You may think it’s not your place to bring up your son’s drinking. After all, he’s an adult. But a parent’s job is never done. Even if your son may support himself and even have his own family, there’s nothing wrong with trying to help him get sober.
As a parent, you have helped him through all of life’s greatest hurdles. Alcoholism is no different. Your role may be different in his life since he’s an adult, but the same love, support and guidance you offered as he was growing up can still do wonders.
Assessing the Situation
Understanding the signs of alcohol abuse are only the first step. After you know the definition of alcoholism, it’s important to observe your son’s behavior.
Although you can’t make a clinical diagnosis, you can take mental note of his drinking patterns and the effect alcohol has on his mood. This may be difficult if you don’t live with him, so consider talking to other family members.
Is your son married? If so, it’s likely his spouse has noticed his drinking problem too. Ask them to keep track of his drinking habits. Knowing how much he drinks and how often will be helpful later.
Know the Type
Your son could be a burgeoning alcoholic. College students who binge drink to the point of blackouts can form very dangerous habits early on. Although many experiment with alcohol in college, there is a problem when his consumption is always excessive and continues throughout the week.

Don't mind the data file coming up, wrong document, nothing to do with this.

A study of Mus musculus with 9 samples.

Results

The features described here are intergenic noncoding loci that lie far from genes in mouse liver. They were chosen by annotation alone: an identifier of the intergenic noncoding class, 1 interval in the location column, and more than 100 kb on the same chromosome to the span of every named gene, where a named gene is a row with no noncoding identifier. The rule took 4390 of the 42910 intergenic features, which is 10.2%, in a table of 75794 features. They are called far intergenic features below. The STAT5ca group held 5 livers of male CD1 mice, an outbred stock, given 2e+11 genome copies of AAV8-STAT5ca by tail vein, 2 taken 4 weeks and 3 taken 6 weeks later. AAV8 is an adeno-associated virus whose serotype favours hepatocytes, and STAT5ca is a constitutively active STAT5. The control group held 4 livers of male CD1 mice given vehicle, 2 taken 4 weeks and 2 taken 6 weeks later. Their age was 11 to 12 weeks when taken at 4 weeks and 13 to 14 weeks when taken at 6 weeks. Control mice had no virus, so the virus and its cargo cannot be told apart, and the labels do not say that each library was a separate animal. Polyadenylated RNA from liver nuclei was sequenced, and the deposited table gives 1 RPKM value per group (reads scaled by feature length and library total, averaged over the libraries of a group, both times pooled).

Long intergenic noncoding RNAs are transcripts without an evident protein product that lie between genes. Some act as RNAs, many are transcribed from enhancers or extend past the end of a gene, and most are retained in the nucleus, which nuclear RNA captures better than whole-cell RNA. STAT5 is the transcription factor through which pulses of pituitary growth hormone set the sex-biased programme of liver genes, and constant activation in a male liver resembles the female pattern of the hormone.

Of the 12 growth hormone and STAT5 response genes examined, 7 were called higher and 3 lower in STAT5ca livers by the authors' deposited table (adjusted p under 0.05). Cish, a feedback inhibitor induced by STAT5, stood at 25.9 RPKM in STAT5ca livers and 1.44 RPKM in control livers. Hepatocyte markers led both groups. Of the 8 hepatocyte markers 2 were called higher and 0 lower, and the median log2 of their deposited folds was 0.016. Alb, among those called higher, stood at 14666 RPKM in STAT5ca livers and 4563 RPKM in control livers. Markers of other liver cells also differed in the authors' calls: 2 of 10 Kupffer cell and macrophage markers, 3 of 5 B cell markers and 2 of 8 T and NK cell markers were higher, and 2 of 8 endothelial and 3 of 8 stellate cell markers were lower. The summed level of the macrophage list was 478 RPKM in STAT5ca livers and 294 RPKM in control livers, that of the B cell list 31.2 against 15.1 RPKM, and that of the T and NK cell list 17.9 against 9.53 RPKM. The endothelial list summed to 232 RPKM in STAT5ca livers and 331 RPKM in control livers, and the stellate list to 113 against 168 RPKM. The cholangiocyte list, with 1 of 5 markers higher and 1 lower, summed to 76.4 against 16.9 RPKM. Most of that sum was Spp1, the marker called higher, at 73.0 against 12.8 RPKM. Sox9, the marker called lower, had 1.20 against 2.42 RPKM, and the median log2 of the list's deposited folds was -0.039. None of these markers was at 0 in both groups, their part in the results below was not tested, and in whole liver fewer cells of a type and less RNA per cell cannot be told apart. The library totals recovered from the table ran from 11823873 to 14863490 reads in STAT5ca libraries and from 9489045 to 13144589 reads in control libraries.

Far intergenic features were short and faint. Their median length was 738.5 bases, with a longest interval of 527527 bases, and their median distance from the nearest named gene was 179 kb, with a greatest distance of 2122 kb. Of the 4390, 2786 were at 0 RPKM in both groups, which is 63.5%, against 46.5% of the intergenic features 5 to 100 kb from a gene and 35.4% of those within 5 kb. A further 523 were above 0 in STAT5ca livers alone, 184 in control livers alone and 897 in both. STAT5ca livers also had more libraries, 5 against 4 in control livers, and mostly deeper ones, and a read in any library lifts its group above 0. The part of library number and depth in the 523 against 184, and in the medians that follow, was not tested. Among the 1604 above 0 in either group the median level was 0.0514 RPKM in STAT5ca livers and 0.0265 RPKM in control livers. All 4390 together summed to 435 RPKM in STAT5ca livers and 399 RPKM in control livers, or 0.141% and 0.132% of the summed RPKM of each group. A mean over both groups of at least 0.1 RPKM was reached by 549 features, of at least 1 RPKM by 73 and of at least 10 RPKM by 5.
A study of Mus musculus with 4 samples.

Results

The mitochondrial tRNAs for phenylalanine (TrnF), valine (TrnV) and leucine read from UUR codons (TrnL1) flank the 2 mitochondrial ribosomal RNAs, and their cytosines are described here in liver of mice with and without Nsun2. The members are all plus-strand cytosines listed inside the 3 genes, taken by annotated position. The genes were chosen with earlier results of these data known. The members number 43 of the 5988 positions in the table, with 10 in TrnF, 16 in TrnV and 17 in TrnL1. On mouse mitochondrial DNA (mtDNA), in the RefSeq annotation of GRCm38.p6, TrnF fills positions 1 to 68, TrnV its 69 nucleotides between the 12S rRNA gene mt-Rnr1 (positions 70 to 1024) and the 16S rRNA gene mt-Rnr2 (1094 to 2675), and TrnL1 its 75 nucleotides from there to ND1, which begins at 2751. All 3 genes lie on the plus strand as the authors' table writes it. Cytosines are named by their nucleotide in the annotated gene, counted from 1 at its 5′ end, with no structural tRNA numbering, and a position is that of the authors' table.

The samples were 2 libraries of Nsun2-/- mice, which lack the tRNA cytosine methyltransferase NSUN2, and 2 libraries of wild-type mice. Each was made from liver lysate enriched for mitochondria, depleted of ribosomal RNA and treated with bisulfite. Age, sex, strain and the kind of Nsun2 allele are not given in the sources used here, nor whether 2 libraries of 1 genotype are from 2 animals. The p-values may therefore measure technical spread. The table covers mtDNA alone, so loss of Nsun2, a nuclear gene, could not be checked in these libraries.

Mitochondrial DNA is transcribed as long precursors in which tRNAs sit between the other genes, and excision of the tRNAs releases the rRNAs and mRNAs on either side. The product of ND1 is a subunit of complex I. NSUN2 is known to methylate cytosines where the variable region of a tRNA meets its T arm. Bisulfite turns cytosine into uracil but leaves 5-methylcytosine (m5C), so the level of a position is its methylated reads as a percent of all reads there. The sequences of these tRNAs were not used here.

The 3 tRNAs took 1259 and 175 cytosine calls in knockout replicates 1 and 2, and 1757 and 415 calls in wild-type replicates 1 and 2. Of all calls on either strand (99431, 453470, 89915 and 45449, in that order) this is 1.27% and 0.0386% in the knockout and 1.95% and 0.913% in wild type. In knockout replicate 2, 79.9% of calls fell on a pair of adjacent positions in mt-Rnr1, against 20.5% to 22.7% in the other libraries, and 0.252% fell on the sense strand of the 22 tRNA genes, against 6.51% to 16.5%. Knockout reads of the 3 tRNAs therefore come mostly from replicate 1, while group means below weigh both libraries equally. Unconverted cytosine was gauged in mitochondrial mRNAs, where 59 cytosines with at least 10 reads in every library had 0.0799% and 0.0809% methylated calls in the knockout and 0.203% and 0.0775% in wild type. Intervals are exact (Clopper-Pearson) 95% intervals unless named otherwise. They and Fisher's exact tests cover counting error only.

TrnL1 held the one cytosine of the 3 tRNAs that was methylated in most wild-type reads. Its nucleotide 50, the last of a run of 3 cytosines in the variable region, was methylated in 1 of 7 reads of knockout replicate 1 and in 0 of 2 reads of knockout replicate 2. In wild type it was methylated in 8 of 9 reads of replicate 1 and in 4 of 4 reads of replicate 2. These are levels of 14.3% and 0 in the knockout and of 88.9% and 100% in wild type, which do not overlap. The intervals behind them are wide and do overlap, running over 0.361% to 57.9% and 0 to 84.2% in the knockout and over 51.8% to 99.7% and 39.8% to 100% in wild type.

If your son is an adult who works, he may be a functioning alcoholic. These people do not spend all day passed out on the couch. Many hide their addiction so well that people are shocked when they go away for treatment.
Read about the types of alcoholics. Try to estimate how far along your son’s addiction his. To help an alcoholic son, you should act as early as possible.
Prepare Yourself Ahead of Time
Rehearse the conversation with your son before you confront him. You don’t want to go in with “guns blazing” and create a hostile environment. You should also never discuss his alcoholism when he’s drunk.
Plan a meeting that is convenient for you both in a comfortable setting. When you talk, avoid going into lecture mode. The goal isn’t to make your son feel like a child being scolded.
Level with him and try to understand why he’s drinking so much.
Don’t rush to bring up the idea of rehab, either. This is a scary concept to an alcoholic that may even come off as irrational and extreme, especially if they don’t believe they have a problem.
To help your alcoholic son, the best approach is to be as informed as possible about alcoholism, his own drinking patterns and his options for treatment.
Offer him as much support as possible throughout his addiction, and be sure to express your love and belief in his strength at all times.